Be Your Own Utopia

How being an oddball could become your life’s work

When you find your value system to be irreconcilably at odds with that of the society where you live, it’s tempting to gather a couple of like-minded people and start your own utopian community where you’ll collectively invent rules that make sense to you. “Stick it to capitalism, we can do better if we start over” seems to be a common starting point.

For most of us, this “ideal” society is just something we consider in passing after a string of futile attempts at making a dent in The System. Some go farther than dreaming up vague plans and actually go on to form or join an intentional community shaped around their deeply held values. But does it work? Do these communities model a better way of life? Do their ideas eventually seep through into the mainstream?

In an Aeon article, Alexa Clay takes a dispassionate look at the pitfalls most utopias end up stumbling on. Unsurprisingly, personal conflicts and financial difficulties top the list. A lack of practical skills to take care of everyday needs is also a common problem that leaves many communities tottering on the brink of collapse. Retreating from mainstream society isn’t as easy as buying a plot of land and declaring a new way of life, if the pantheon of failed attempts is any indication.

Idealists shouldn’t throw the towel just yet though. It turns out that some forms of social progress that are now seen as desirable goals in many societies – universal education, religious freedom, city planning, to name just three – originated from radical experiments in such communes. Most of these groups didn’t survive but their ideas live on today.

Intentional communities fail a lot precisely because their members are social innovators who put their lives on the line to try something new and untested. We collectively reap the benefits of their boldness.

According to Clay, there may be an alternative to such a radical retreat. Our misaligned values and attitudes contain in and of themselves the potential transform society:

“Perhaps a more useful construct than intentional community is the idea of ‘shadow culture’, defined by Taylor as a ‘vast unorganised array of discrete individuals who live and think different from the mainstream, but who participate in its daily activities’. Shadow cultures have the potential to hold distinct values, but also utilise the infrastructure and opportunities of mass society. In many ways, then, utopias are only ever tightly glued pockets of shadow culture that mistakenly parade themselves as isolated entities.”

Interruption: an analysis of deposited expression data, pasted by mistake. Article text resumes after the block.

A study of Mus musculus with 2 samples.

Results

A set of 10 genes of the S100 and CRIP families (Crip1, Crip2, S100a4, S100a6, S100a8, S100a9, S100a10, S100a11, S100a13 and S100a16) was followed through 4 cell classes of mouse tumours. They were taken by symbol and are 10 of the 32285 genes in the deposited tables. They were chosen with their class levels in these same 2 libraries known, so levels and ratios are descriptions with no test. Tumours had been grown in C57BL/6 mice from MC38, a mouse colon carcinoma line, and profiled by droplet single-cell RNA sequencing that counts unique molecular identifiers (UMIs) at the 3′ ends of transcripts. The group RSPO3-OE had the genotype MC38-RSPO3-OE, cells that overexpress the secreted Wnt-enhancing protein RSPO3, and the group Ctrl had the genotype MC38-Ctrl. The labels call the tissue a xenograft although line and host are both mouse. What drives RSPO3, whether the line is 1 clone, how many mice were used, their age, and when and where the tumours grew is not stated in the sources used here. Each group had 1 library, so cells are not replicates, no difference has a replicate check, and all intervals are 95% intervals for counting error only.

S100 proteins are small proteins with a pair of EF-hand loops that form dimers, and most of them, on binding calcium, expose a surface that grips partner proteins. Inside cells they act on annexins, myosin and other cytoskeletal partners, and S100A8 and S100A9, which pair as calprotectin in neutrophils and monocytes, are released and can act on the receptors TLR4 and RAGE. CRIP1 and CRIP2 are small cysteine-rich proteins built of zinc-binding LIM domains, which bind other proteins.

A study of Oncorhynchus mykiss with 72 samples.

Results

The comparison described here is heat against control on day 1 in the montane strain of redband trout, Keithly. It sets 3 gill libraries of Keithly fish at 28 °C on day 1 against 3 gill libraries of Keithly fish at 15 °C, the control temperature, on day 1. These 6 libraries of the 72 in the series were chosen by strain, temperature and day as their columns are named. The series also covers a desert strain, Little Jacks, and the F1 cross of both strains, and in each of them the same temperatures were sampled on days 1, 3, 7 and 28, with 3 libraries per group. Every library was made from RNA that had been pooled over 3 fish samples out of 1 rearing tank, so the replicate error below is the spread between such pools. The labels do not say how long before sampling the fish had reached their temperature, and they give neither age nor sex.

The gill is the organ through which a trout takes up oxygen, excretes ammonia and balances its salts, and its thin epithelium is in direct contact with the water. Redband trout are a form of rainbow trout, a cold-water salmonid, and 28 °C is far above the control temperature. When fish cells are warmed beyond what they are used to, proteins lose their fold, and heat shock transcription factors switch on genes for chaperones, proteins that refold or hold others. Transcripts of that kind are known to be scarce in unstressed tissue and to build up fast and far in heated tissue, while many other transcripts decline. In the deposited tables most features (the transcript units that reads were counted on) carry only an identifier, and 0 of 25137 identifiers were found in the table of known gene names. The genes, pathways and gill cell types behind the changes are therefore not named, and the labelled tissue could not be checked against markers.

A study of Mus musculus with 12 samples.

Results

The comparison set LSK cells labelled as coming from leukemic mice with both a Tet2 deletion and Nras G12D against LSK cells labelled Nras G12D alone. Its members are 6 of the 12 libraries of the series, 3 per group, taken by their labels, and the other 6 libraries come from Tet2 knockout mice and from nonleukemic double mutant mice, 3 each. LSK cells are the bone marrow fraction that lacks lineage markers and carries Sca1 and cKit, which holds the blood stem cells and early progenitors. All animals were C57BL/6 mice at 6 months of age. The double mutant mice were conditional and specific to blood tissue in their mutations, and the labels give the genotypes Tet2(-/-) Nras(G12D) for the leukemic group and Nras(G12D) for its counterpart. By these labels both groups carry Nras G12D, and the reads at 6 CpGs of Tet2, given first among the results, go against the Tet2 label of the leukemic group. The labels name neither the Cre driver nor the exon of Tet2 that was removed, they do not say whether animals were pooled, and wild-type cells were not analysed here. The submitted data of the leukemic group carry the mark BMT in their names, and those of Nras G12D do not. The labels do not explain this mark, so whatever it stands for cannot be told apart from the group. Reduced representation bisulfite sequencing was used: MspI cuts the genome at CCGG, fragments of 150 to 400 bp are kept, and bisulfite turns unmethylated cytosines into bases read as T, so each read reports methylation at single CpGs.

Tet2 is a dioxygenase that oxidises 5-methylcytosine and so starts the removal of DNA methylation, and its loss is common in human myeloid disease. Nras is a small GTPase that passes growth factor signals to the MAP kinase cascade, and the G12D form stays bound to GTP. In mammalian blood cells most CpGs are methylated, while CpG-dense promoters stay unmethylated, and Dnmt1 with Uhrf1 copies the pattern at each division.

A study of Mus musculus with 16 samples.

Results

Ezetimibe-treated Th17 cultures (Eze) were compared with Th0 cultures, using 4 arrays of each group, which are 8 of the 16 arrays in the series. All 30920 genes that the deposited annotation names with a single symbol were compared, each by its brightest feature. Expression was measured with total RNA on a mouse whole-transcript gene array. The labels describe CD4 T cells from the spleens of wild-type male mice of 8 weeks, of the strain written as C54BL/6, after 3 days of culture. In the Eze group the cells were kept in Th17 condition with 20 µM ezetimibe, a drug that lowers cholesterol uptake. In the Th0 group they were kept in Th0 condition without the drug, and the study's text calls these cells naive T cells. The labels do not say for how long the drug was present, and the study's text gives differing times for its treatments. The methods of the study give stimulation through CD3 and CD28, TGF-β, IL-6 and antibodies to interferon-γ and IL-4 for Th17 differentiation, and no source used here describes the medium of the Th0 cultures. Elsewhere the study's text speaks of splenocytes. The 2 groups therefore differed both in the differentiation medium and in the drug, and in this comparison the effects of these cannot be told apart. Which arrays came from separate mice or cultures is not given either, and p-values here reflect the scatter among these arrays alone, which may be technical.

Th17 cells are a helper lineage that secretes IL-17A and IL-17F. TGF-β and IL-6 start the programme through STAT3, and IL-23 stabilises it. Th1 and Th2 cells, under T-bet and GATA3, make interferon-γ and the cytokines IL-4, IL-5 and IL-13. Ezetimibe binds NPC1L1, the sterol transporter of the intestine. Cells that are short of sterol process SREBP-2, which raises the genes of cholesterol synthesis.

In Shadow Cultures, psychology professor Eugene Taylor proposes a reading of the New Age spiritual revival in the US as the heritage of loosely connected ideologies traversing the centuries to eventually crystallize into a large modern movement. His observation of shifting ideas about psychology and spirituality led him to believe that scattered individuals, from Emerson to Thoreau to the counterculture of the 1960s, had gradually chipped away at the status quo. The margins have become the mainstream.

It would take a visionary to predict whether your particular brand of iconoclasm will eventually take root. But think about it this way: shadow cultures are all around us, quietly working their way to the light. Your activism could be living life on your own terms as much as the circumstances allow. For some, this may mean resisting corruption when all the signposts lead there. For others, fighting to save local parks from commercial encroachment while holding down a job at a bank. These may just be the invisible bricks building a future beyond what we can imagine now.